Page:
Updated: Jan 26

Defined simply by Webster as “the plan or main story,” we will discuss today, plots and subplots. First let’s retread some ground that we have already walked. We started from ideas about a world that can be as similar to or as different from the world we live in as we want. We have scenes. These are things we know we want to have happen. We have characters, the people who drive the scenes, or perhaps have the scenes happen to them.

These are the most basic building blocks of a story. We need them in some real sense to begin to build plot. There are some people who may conceive of the plot first, and then decide who it happens to and the character which would fill it. As we said when this started there are as many valid ways to write as there are writers. I find it a more foolproof, perhaps less inventive way, (that’s a little harsh) to go in this order.  

Here is why: There is a formula you can now follow to build main plots and secondary plots from what you already have, even if you didn’t already have a story in mind.

Create two lists of all the characters you already have. Something you can draw arrows between them or make directional references. I’ll wait…

For each of these you are going to create a line from character A to character B, C, D, etc. In each case you are going to answer all of the following questions. Assume for the time being at some point in the story each of them will encounter one another, though this doesn’t have to be the case in draft. In other words, work to leave no section blank.

1)      Character A wants to achieve goal ABC.

2)      Character A feels/would feel XYZ about B, because ABC.

3)      Event/Scene XYZ could happen between character A and B.

4)      Event/Scene XYZ could be perpetrated on character A by B.

5)      Character A would want to stop character B from achieving XYZ?

This is not a short exercise. This is developing the relationship web of your story. Every one of these single strands is a miniature plot. Let’s take one example in the same hypothetical world with levitation we have been working in.

Plot threads

Remember we are filling a version of “Character A feels/would feel XYZ about B because ABC.”

-          The crown princess wants to feel empowered.

-          The crown prince of Eastern Vale does not like the crown princess of Highwinds, because he is being forced to marry the crown princess who does not have the ability to levitate.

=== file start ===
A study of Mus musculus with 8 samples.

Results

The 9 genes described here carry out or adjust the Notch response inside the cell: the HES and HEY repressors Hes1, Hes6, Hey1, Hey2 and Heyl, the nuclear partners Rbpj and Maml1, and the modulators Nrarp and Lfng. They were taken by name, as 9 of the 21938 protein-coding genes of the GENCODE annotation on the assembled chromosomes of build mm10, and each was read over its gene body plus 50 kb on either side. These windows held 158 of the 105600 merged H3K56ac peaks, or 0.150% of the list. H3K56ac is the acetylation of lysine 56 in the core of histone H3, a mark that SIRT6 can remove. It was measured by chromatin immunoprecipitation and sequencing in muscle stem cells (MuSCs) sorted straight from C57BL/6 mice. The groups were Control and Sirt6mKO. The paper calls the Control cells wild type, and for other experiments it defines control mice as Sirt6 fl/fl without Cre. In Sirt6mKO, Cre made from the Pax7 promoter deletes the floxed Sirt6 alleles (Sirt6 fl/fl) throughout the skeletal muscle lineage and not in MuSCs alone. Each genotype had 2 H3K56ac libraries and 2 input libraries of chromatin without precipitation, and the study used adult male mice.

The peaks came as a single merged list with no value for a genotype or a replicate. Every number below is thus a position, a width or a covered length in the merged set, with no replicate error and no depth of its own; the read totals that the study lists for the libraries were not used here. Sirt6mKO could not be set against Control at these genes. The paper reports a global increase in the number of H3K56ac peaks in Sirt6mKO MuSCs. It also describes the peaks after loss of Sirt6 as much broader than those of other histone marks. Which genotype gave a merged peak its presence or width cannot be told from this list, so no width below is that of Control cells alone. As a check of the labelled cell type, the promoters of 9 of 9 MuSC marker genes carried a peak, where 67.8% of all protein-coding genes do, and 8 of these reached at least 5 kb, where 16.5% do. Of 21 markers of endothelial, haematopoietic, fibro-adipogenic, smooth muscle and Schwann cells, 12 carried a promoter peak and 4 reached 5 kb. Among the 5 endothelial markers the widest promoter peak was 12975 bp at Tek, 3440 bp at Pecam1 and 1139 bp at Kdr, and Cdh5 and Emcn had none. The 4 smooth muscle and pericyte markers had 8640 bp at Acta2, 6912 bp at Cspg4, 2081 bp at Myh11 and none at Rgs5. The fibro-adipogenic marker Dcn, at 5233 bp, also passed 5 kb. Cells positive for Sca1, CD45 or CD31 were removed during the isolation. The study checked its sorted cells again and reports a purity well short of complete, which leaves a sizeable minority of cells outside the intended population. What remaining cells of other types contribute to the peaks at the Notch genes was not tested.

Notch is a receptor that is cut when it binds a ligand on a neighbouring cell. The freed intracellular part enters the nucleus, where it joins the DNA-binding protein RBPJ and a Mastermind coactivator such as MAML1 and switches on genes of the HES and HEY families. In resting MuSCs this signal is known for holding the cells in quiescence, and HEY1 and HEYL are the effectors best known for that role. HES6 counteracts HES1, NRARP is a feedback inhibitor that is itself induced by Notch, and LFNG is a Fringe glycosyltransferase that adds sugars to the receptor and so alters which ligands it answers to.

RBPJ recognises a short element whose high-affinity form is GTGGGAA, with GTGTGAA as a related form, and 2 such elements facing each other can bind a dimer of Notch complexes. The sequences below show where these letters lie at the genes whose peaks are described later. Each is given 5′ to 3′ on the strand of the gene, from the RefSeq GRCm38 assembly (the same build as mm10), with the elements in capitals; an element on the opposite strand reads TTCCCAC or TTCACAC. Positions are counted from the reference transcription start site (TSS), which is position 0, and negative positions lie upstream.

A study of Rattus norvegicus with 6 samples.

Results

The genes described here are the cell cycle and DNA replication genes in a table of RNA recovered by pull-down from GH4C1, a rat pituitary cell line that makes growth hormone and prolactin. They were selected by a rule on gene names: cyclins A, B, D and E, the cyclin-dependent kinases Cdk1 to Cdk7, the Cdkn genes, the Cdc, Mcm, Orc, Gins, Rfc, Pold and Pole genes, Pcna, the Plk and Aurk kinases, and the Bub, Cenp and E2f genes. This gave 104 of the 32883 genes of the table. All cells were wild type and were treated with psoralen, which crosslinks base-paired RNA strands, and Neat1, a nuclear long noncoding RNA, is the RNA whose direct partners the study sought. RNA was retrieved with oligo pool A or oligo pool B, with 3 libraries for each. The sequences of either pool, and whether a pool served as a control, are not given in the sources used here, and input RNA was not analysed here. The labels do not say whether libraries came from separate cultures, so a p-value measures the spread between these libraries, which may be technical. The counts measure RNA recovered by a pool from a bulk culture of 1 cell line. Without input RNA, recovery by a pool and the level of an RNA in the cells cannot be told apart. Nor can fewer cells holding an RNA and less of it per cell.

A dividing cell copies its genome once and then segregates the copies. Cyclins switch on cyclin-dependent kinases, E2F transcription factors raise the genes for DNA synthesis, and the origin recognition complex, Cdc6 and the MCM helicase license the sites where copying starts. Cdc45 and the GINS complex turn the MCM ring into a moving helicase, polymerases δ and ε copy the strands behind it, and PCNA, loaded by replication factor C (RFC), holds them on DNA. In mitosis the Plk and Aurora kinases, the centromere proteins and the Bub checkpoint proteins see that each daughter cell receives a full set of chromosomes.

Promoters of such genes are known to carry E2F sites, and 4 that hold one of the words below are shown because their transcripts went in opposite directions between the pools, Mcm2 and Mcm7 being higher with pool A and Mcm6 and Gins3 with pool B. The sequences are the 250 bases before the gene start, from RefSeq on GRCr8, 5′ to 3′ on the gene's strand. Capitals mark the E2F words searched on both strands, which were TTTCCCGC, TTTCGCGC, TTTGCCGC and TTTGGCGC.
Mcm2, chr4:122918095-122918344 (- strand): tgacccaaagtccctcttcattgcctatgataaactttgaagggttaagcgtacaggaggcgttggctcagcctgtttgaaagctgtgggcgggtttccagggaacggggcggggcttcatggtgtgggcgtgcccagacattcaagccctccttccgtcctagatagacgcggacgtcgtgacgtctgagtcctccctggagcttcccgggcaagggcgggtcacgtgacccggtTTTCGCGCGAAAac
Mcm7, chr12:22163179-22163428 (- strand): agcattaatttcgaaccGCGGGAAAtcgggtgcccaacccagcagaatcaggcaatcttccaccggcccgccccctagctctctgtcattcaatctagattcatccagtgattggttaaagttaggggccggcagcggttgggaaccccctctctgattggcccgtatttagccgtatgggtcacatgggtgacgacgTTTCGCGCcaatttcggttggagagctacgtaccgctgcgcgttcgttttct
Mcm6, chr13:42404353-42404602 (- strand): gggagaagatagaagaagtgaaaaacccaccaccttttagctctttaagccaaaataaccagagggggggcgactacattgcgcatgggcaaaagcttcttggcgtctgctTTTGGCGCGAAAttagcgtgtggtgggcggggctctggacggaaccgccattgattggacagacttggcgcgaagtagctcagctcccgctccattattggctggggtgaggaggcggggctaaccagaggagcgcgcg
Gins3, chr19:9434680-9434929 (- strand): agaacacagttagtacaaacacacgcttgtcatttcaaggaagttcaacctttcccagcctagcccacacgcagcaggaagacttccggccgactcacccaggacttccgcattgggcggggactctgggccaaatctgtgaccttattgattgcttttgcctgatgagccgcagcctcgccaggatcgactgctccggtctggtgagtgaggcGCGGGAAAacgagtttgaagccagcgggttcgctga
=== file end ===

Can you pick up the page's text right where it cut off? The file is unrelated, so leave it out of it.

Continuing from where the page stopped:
-          The princess argues with her mother about gaining the ability to levitate in her generation, even though her mother wants it to come gradually as it always has through breeding and eventually her grandchildren, not new scientific programs to tamper with already living people.

-          The princess drugs her mother, to escape one night into the dark to seek out the help of a shady back-alley virus dealer. He gives her a virus which will change her DNA to allow her to levitate after all. (Her mother is accidently sent into a coma from this drugging?)

-          The princess’s father has assigned the royal guard to prevent her from sneaking out. (And perhaps does not know this guard has a terrible infatuation with her?)


This is now a basic plot outline. This is the broad brushstroke of a story’s beginning. What fell out of this is subplots. Her mother is now ill, and needs help. There is a secondary love interest in the captain of the guard who wants to keep the princess safe while obeying her father. The prince may develop feelings rightly or wrongly once he sees she can levitate too. She may lose the ability later, after the first resolution.

Once you build these story lines between each character, you have many such stories you can pursue. You will soon have to pick which one of them is most interesting to you, and which you think will be most interesting to you readers. Don’t worry if they are self-contradictory. Just like your ideas could be contradicting, so too your science could be contradicting and your plots. You don’t have to make any final decisions. That comes soon, but not yet.

This is a very long process, and involves a lot of creative effort. Don’t short change this step even if it does take you weeks. Don’t worry that this might generate whole new scenes or whole new events and ideas you want to see exist in the world. The process is supposed to be iterative.

Go get web building your character interactions, it’s the next step toward writing.